August 20, 2017   |   Ithaca, NY

Accent

Spit That! club slams into poetry scene

The lips of freshman Jaylene Clark formed words with a fiery purpose and pride as she tapped out a beat on her thigh. Eyes closed, she swayed along to the rhythm and rhyme she created with her buttery voice, echoing through the room.


At the first meeting of the new club Spit That! in October, Clark greeted new members with a performance of some of her award-winning work. In a piece called “Detrimental to My Health,” Clark, the club’s president, captured vivid images and the struggling emotions of young women facing the pressures of sex. Clark’s spoken-word poems left her small audience clapping for more.

Sophomore Taylor Desir said Clark makes the group feel like a team.

“When she gets up to speak, you can hear the passion in everything she says,” Desir said.

Clark started writing poems in an eighth grade after-school program at Harlem School for the Arts in New York City.

Ithaca College has never had a spoken word poetry club until this year, when six-time national slam poetry competition winner Clark proposed to create the first on-campus haven for writers and performers.

At the first meeting, Clark asked members what they expected to gain from the club. They seemed to be looking for a non-judgmental community to develop and share thoughts and become further educated within the genres of spoken word performance, from rap to pure literary verse. The group ranged from biology majors to vocal performance majors, and yet the love for words and enthusiasm about the kickoff of this new artistic circle brought members together.

“We want people to be able to speak their minds and express their emotions,” she said. “You don’t have to be ready for Def Poetry Jam to participate in our club.”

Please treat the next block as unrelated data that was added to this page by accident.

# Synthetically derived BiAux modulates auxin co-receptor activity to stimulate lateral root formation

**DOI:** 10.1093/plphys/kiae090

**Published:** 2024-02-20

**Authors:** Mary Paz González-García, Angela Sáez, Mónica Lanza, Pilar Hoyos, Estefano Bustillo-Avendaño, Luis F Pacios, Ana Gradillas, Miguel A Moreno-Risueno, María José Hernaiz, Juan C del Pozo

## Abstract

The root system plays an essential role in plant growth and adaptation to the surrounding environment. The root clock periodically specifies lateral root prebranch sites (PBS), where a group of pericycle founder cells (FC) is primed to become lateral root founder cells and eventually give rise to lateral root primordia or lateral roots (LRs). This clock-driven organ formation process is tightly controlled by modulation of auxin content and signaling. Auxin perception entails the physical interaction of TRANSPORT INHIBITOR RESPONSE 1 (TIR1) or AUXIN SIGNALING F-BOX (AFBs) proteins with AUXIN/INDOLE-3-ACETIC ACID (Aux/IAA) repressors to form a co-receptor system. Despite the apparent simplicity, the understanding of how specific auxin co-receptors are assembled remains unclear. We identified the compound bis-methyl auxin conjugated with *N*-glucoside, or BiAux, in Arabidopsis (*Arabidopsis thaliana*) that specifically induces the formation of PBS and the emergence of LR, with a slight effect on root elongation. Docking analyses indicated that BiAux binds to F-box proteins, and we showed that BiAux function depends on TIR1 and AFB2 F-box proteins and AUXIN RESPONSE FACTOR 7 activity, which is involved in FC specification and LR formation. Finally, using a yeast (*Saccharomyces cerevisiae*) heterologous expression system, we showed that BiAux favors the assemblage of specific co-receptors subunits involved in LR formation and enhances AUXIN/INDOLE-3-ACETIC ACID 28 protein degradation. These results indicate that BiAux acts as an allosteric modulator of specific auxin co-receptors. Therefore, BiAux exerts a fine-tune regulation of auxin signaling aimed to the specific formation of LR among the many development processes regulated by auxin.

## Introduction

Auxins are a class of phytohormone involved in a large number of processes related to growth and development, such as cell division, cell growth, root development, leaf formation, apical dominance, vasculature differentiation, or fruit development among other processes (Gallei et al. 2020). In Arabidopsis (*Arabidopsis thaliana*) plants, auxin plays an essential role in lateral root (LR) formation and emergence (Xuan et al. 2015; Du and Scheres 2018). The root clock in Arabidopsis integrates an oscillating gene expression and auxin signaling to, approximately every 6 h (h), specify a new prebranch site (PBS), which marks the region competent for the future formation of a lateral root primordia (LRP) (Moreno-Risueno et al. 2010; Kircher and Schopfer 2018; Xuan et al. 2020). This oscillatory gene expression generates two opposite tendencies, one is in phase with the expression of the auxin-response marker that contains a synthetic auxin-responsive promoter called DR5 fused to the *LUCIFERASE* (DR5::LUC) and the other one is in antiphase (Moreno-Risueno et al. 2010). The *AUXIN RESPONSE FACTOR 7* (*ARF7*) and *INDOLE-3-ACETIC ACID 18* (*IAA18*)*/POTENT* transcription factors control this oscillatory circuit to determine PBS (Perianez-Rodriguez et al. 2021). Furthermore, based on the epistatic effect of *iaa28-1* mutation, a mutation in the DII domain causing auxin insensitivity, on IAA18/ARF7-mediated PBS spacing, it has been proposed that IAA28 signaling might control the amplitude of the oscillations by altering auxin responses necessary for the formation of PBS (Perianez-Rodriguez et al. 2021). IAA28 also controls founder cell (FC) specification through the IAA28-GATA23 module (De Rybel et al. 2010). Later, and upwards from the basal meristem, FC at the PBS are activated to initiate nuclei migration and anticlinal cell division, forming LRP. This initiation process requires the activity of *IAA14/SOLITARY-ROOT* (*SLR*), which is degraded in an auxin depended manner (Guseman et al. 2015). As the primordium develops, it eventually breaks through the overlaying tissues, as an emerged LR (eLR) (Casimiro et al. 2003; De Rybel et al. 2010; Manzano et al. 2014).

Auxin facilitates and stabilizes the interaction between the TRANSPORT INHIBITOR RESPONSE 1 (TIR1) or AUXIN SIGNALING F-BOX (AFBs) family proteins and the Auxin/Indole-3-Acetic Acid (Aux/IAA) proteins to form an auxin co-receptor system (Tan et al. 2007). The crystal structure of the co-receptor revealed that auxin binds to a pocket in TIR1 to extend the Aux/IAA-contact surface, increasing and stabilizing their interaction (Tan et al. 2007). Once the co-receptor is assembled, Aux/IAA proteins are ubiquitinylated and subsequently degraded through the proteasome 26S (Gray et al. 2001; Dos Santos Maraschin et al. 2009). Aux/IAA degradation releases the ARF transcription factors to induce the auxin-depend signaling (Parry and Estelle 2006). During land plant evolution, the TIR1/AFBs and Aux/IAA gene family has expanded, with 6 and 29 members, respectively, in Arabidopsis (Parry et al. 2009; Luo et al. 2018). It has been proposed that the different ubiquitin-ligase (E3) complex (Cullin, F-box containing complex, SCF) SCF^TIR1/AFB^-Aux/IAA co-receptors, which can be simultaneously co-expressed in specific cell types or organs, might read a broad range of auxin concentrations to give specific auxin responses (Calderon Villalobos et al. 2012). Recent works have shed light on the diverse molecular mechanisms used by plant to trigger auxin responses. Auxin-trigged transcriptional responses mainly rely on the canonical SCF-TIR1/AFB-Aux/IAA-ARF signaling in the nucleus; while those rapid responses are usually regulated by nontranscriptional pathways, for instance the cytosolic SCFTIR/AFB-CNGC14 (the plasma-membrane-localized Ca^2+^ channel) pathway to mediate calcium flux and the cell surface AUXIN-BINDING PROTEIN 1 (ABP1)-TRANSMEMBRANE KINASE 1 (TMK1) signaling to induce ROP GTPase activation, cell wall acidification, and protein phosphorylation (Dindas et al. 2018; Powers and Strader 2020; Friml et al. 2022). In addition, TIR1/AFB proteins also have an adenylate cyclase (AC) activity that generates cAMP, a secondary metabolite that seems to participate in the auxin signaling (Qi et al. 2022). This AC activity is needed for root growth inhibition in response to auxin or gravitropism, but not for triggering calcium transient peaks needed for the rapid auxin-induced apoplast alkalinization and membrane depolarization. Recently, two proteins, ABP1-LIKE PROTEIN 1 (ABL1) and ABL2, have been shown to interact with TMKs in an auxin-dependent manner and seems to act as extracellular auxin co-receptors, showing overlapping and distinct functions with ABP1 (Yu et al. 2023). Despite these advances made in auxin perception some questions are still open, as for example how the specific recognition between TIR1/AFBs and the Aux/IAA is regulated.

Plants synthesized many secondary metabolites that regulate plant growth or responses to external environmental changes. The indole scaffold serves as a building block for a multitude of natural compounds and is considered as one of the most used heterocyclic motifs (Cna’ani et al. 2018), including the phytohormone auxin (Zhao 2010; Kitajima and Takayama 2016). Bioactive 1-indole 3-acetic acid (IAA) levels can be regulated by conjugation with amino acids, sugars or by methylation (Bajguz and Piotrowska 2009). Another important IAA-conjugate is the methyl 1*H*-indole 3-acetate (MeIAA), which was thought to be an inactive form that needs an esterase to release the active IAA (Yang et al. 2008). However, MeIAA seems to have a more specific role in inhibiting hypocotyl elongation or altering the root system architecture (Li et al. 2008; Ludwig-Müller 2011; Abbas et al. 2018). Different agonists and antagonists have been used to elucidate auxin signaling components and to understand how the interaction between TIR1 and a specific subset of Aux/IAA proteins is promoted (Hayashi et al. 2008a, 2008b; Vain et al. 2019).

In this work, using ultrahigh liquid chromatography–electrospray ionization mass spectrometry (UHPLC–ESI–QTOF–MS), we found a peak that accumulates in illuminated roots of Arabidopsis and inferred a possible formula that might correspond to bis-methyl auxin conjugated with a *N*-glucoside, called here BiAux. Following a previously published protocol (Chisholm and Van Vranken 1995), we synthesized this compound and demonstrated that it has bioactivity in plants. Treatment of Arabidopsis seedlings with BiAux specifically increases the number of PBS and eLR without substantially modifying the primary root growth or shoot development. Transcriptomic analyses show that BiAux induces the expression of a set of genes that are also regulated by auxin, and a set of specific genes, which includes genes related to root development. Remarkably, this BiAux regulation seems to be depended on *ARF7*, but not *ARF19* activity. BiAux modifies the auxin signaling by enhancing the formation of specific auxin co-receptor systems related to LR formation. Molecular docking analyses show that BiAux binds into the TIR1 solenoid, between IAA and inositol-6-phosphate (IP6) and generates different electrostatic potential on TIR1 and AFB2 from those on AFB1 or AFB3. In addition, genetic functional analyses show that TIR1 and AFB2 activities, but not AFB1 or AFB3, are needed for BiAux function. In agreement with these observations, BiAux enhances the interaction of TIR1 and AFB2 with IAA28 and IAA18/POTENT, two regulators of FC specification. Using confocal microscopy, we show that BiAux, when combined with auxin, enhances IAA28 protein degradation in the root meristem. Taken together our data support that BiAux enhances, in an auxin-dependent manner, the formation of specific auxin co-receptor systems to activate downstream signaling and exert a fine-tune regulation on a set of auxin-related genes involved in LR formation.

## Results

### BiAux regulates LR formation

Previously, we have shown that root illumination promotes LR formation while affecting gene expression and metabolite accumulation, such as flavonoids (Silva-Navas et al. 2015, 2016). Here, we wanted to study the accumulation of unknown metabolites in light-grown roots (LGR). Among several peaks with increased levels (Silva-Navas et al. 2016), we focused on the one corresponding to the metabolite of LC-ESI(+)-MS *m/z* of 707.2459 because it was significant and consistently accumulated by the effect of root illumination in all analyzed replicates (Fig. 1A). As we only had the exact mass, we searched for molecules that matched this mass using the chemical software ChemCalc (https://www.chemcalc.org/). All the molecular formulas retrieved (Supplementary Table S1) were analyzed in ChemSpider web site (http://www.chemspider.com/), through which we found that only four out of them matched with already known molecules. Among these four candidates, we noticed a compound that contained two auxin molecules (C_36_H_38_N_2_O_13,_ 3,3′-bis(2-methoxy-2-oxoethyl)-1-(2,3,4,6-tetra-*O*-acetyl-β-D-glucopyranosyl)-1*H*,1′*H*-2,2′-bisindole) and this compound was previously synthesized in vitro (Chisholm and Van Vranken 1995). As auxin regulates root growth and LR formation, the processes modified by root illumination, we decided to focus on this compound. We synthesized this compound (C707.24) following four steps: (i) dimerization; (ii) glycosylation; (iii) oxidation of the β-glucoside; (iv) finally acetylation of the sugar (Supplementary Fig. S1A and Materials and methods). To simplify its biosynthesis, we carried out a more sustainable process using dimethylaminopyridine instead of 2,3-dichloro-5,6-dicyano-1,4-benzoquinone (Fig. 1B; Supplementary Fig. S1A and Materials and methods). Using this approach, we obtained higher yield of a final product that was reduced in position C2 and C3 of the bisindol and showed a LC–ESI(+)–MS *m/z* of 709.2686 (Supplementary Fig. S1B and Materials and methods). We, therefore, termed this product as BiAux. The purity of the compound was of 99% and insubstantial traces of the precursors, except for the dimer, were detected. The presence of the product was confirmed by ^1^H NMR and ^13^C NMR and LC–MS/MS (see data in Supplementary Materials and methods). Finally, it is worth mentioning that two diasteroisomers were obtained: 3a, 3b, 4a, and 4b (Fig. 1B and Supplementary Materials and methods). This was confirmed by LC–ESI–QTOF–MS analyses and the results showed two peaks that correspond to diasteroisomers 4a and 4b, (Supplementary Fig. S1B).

For senior Emily Christensen, vice president of the club, her love of theater and poetry helped her take her writing to the next level. An avid reader and writer, she was excited about creating a stronger poetic community at the college. She said she feels it is important to promote a space for creativity and expression.

Monday night meetings usually include sharing work and participating in writing or performance exercises in small groups using both original and published poems.

Freshman Kristie Yeung said when she first attended meetings, she never liked to share her personal work, but she gradually became more confident.

“The members of the club have really encouraged me to share my writing,” Yeung said. “We help each other by offering lots of positive feedback, suggestions and constructive criticisms. The club itself is just a great forum to be creative”.

This year, Spit That! has performed in campus events, including a show during Martin Luther King Week. For the Black History Month Showcase Feb. 22 in Emerson Suites, which Spit That! co-sponsored with the African-Latino Society, Clark brought a number of New York City–based slam poets to the college to share the stage and discuss their experiences as professional artists with Spit That! members.

Spit That! will collaborate with IC Breakers, the break dancing club at the college, April 21 in the Fitness Center. The show will incorporate dance techniques into the poems. Spit That! will also perform at Asia Night on April 27 in IC Square.

Katharine Kittredge, an associate professor of English and the club’s adviser, is proud to be part of such an endeavor.

“For most people, writing poetry is a solitary activity,” she said. “Spit That! allows writers to be part of a larger, supportive community.”

Yeung said the members’ positive energy and excitement is what draws her to meetings every week.

“[Spit That!] is one of the few things that I attend religiously,” Yeung said.